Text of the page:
Nov 15, 2019 Last Updated 6:31 AM, Nov 9, 2017
 
 

Celebrating 250 Years at the Omni Homestead

Category: Pastry & Baking

366 days of birthday cakes.

 

Guinness cake with whisky ganache was a natural for St. Patrick’s Day, and carrot the obvious choice for National Carrot Day Cake on February 7th, but coming up with a different cake for each of the 366 days of this Leap Year has been an exciting challenge for Oscar Bonelli, Executive Pastry Chef at the iconic Omni Homestead resort in Hot Springs, Virginia. Set on 2,000 acres in the scenic Appalachian Mountains, the 483-room hotel is marking its sestercentennial with a cornucopia of culinary festivities, and the cakes are popular crowd-pleasers. On a busy weekend, Bonelli estimates, “we are serving 800 or 900 slices in an hour.”

Planning began back in November when Bonelli started making a list, taking into consideration holidays, the seasons, and special occasions. “I’m Italian,” he explains, “this was all new to me, I did not know you have a national day for cakes, etc.” Raised in Bolzano, Italy, where his father and great-grandmother were pastry chefs, Bonelli was trained at prestigious pastry schools in his native land, and later at the French Pastry School in Chicago. He had been based in Miami for over a decade, until recently relocating to the Virginia resort. “It is an honor to work here and be part of the history of the Homestead,” says Bonelli, citing  illustrious  predecessors like Roland Mesnier, who left to become White House pastry chef, and his successor, Michel Finel, a contender  at the world pastry competition during his over 40-year stint at the Homestead.

Mesnier will be back at the hotel to share recollections along with other notable chefs, including food historian and Emmy-winning TV host, Walter Staib, for a monthly speaker series. Another feature of the celebration is the Saturday evening Homestead 250th Anniversary Menu, paying tribute to the legacy of a former Executive  Chef, Albert Scnarwyler, author of  Dining at the Homestead.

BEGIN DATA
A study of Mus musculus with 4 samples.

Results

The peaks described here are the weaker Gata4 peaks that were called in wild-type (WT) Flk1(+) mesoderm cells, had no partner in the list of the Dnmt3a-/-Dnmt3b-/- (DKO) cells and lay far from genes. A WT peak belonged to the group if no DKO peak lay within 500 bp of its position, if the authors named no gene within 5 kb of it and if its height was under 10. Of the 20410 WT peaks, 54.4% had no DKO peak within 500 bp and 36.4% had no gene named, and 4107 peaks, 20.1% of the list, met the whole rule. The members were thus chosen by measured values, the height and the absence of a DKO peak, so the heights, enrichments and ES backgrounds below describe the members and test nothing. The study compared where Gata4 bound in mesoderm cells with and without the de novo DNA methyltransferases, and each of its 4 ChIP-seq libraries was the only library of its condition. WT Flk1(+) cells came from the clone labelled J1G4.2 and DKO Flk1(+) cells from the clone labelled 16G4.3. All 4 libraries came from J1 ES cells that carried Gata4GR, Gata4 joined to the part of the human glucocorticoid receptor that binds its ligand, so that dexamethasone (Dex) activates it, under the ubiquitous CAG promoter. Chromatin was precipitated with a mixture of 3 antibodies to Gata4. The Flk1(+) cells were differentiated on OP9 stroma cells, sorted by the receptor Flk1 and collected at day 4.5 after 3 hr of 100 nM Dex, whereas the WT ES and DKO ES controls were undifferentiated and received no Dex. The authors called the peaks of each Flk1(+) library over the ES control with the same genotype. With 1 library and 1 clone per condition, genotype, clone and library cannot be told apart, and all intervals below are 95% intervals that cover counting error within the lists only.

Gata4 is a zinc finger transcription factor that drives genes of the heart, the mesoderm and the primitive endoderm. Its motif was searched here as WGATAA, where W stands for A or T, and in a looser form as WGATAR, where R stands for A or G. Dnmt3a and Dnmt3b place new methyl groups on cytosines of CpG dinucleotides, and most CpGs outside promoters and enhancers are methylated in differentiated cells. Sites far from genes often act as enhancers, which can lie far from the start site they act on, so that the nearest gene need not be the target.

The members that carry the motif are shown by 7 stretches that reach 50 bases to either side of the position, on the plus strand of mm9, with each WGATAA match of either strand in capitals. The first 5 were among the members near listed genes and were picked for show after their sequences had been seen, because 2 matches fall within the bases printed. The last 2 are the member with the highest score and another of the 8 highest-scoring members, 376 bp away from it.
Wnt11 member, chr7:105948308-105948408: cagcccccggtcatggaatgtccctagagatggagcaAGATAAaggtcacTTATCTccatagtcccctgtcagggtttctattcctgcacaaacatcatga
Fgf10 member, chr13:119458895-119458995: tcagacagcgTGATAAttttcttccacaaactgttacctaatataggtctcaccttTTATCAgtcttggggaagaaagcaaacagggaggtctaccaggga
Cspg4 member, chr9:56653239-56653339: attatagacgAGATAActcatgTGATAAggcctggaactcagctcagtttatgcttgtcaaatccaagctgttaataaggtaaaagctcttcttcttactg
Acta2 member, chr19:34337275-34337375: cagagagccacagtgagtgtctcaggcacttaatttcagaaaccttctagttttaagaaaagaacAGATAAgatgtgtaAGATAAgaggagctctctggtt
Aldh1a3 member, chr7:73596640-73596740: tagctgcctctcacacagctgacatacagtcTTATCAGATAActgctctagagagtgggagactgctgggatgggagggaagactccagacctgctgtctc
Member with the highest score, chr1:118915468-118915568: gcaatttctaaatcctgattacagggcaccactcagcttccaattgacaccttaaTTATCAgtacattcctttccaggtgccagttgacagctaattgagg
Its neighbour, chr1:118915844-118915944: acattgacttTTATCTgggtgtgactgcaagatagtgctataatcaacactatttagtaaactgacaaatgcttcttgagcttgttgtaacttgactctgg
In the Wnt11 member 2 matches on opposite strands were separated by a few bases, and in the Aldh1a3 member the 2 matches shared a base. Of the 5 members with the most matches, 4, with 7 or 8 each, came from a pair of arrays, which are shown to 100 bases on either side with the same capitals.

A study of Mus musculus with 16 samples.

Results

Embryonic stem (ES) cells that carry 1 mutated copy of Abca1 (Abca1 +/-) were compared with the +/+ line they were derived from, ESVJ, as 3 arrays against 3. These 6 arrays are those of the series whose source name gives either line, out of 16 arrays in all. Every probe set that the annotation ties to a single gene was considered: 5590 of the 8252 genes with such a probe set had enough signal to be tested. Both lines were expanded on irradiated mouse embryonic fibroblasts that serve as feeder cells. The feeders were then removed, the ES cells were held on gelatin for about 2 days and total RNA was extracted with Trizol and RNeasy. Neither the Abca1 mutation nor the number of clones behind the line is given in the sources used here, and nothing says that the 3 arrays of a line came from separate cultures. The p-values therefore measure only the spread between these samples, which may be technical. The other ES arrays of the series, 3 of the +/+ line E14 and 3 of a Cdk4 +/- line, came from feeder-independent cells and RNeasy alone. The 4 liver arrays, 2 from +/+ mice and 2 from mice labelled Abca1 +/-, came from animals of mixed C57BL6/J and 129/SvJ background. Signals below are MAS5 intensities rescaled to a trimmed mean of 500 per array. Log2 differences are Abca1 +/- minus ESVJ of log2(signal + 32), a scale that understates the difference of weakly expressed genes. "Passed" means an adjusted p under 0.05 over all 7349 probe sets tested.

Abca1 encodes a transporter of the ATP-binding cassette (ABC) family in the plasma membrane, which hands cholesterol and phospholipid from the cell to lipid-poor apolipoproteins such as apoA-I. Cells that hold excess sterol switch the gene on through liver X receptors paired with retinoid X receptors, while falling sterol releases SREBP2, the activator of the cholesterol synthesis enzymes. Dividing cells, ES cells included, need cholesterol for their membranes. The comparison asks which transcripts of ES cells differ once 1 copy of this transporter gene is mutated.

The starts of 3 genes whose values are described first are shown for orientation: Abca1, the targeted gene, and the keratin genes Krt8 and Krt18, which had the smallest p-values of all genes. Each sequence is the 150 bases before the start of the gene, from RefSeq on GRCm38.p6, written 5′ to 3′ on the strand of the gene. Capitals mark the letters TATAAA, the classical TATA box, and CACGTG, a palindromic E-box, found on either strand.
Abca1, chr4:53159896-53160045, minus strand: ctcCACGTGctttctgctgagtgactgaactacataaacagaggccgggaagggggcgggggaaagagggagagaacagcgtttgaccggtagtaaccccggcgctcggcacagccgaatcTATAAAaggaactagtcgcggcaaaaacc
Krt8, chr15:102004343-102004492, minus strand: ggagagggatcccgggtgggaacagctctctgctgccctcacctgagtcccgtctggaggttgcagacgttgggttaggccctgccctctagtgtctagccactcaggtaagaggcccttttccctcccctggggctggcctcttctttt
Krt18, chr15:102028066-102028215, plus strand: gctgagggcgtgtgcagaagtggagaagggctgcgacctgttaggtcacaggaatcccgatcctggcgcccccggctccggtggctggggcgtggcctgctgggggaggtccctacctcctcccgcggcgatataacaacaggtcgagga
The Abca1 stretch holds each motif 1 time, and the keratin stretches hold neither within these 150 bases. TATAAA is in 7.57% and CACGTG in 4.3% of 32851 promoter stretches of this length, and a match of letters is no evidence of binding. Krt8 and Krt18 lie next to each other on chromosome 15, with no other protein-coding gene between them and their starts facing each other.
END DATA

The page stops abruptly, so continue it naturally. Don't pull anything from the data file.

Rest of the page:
The ceremonial cake party takes place every afternoon in the hotel’s grand hall. Bonelli figured out that the most efficient procedure was to make a multi-tiered presentation cake and a backup of full sheet cakes. The presentation cake is topped with a candle that is blown out by a designated guest, and the General Manager makes a short speech about what happened that day back in history at the hotel. Then the pre-plated slices, already decorated, are served at different stations around the hall.  “We have eight to 10 different types of sponges that we combine with different fillings,” Bonelli notes, “using 50/50 pastry cream/buttercream; I like it better so they are not too greasy and over-sweet, and everything is made freshly every day.”  The selection varies between classic cakes, like Red Velvet, and creations such as white cake with apricot marmalade milk chocolate, strawberry cake with lime mint vanilla, yellow cake with banana peanut butter, and chocolate blackout cake with caramel corn apple ganache. “Our guests love it,” says Bonelli, “and the feedback is great.”

In the pastry kitchen, with a staff ranging from about nine to 19, depending on the season, Bonelli also prepares a multitude of desserts for the Homestead’s various dining outlets. Many patrons come back year after year, he points out, and look forward to classics including Baked Alaska, Cherries Jubilee, Opera Cake, and Chambord Cake, a favorite on the weekly Anniversary Menu; but there are contemporary adaptations as well, like popcorn chocolate mousse with salted peanuts.

The Homestead has been intertwining tradition and timeliness since 1766, when Captain Thomas Bullett, a veteran of the French and Indian War, built an 18-room hotel on a 300-acre land grant that included seven natural mineral springs. Thomas Jefferson, one of almost two dozen presidents to enjoy Southern hospitality at the Homestead, visited in August, 1818, soaking in the warm springs to alleviate his rheumatism. There is no record of what Jefferson ate, but as America’s first gourmet, he would have been happy to raise a toast and celebrate with a slice of cake.